Facebook has a clear interest in getting the rest of the world online. The more people who use the Internet, the more likely it is they'll use Facebook, which means more ads and more money.
To that end, the company has launched a new piece of hardware that could help bring Internet access and communication to even the most remote places on the planet.
The device, which Facebook calls OpenCellular, looks like a breadbox and can be mounted on trees, poles and other objects. Pair it with a source of electricity — such as a battery or even solar power - and it can do all sorts of things to connect people, Facebook says. You can hook it into an existing cellular network so mobile phones can start receiving data; depending on how the device is configured, it can transfer everything from simple 2G data to ultra-fast LTE. It has a range of about six miles.
OpenCellular can also work without an Internet connection, essentially acting as an offline hub that still allows phones and computers to interact with one another over a local network.
Cheaper to connect
Facebook believes this device, whose design is being open-sourced so non-Facebook people can tinker and experiment with it, could help make it cheaper to expand cellular connectivity. Some of the biggest costs associated with building out networks have nothing to do with the actual cellular base station and everything to do with the various inputs that go into supporting it. This includes things like tower construction, permits and paying for power and connectivity to the rest of the network, a behind-the-scenes technology called "backhaul."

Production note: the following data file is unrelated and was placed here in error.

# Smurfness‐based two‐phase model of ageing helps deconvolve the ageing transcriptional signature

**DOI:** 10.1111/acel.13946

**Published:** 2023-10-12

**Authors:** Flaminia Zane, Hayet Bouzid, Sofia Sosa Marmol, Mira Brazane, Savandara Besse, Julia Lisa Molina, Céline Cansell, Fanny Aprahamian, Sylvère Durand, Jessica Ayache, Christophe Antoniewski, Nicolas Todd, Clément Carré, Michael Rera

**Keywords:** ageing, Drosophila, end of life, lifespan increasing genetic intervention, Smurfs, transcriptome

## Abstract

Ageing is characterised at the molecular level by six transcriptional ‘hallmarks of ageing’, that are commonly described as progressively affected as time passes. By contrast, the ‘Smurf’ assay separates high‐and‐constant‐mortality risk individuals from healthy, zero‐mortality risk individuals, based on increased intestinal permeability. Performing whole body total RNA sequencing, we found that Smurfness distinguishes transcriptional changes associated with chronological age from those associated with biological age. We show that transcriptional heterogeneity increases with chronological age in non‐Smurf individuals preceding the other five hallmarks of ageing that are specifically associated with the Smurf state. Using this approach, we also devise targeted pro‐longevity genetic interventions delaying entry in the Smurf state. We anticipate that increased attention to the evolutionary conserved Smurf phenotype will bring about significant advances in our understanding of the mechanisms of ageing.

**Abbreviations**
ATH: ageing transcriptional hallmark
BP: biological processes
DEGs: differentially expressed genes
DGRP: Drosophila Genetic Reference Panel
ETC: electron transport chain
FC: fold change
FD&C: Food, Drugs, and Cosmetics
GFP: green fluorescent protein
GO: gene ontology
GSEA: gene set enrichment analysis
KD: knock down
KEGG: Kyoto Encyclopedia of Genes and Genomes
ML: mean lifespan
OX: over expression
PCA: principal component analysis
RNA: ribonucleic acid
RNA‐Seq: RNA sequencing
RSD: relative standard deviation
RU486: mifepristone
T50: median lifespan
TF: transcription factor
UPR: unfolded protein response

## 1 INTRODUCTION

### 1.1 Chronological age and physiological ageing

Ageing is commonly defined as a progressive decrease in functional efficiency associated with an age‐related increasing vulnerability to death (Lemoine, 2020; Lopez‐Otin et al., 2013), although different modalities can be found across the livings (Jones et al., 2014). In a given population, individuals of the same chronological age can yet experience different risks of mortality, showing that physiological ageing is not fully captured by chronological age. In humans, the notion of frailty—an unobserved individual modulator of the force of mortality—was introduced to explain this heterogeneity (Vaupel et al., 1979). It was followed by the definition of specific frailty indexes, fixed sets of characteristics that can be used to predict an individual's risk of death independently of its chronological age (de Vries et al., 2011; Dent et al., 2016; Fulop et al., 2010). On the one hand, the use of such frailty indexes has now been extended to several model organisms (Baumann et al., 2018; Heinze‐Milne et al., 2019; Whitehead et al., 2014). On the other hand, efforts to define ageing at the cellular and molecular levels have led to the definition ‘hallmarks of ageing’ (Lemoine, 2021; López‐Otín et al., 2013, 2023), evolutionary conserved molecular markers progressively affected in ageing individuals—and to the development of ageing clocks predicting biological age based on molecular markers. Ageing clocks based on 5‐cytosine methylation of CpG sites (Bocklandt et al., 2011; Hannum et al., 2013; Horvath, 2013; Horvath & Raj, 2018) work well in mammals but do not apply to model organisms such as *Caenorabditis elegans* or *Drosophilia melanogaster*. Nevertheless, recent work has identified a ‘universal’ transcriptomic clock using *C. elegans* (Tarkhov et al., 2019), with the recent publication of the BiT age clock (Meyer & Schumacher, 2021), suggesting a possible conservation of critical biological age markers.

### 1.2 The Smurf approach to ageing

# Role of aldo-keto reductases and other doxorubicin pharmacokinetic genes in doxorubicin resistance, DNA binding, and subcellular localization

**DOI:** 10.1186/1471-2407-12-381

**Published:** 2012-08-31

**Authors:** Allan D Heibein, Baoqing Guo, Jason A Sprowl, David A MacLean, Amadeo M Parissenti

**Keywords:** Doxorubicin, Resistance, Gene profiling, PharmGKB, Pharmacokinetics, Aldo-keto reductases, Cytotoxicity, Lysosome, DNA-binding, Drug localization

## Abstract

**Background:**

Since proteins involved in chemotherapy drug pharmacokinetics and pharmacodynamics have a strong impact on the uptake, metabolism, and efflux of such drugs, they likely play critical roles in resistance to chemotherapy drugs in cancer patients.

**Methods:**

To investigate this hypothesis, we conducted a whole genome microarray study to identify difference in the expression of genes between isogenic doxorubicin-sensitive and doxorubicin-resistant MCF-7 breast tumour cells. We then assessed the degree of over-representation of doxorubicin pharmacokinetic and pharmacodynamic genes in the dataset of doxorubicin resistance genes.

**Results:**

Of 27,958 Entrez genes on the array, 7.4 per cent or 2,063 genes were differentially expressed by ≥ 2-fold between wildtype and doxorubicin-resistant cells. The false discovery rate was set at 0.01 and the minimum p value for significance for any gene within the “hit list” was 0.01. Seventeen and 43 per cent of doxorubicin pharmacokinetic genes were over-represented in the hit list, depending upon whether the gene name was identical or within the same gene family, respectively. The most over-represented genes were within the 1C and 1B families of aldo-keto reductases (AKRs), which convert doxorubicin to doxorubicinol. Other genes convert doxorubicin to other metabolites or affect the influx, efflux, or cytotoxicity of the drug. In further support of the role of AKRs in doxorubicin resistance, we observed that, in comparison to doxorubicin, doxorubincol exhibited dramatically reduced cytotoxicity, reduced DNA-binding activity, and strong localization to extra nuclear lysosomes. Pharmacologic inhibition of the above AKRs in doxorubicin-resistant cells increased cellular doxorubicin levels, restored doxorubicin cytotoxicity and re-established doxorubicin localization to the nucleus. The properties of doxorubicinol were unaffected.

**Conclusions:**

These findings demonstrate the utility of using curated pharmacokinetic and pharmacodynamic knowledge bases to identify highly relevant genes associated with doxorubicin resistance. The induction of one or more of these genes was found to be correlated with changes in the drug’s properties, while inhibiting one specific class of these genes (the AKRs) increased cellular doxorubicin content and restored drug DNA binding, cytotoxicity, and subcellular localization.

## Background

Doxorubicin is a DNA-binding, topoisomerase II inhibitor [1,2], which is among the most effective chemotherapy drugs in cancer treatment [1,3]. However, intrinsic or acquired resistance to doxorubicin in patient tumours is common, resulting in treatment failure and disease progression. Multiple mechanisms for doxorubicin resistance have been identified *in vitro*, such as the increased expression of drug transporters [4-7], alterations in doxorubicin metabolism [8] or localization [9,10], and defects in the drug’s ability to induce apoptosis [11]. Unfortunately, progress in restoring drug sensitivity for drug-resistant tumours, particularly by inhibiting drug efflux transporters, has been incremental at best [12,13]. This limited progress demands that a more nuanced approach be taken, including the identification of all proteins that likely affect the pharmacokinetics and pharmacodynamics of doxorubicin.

While OpenCellular would still need many of these things to run as a fully functional cellular tower, Facebook thinks open-sourcing the design will make it easier for many players to jump into the game, driving down costs.
Facebook also envisions these devices as an integral part of its own effort to build a global Internet-access infrastructure. The company has already invested in drones that could essentially hover for long periods of time and beam down Internet signals, as well as laser technologies that can carry data at high speeds.
Facebook chief executive Mark Zuckerberg said last week that OpenCellular represents the next step after those innovations, and it's not hard to imagine that these devices someday might talk directly to the drones and satellites ferrying Internet data from halfway around the globe.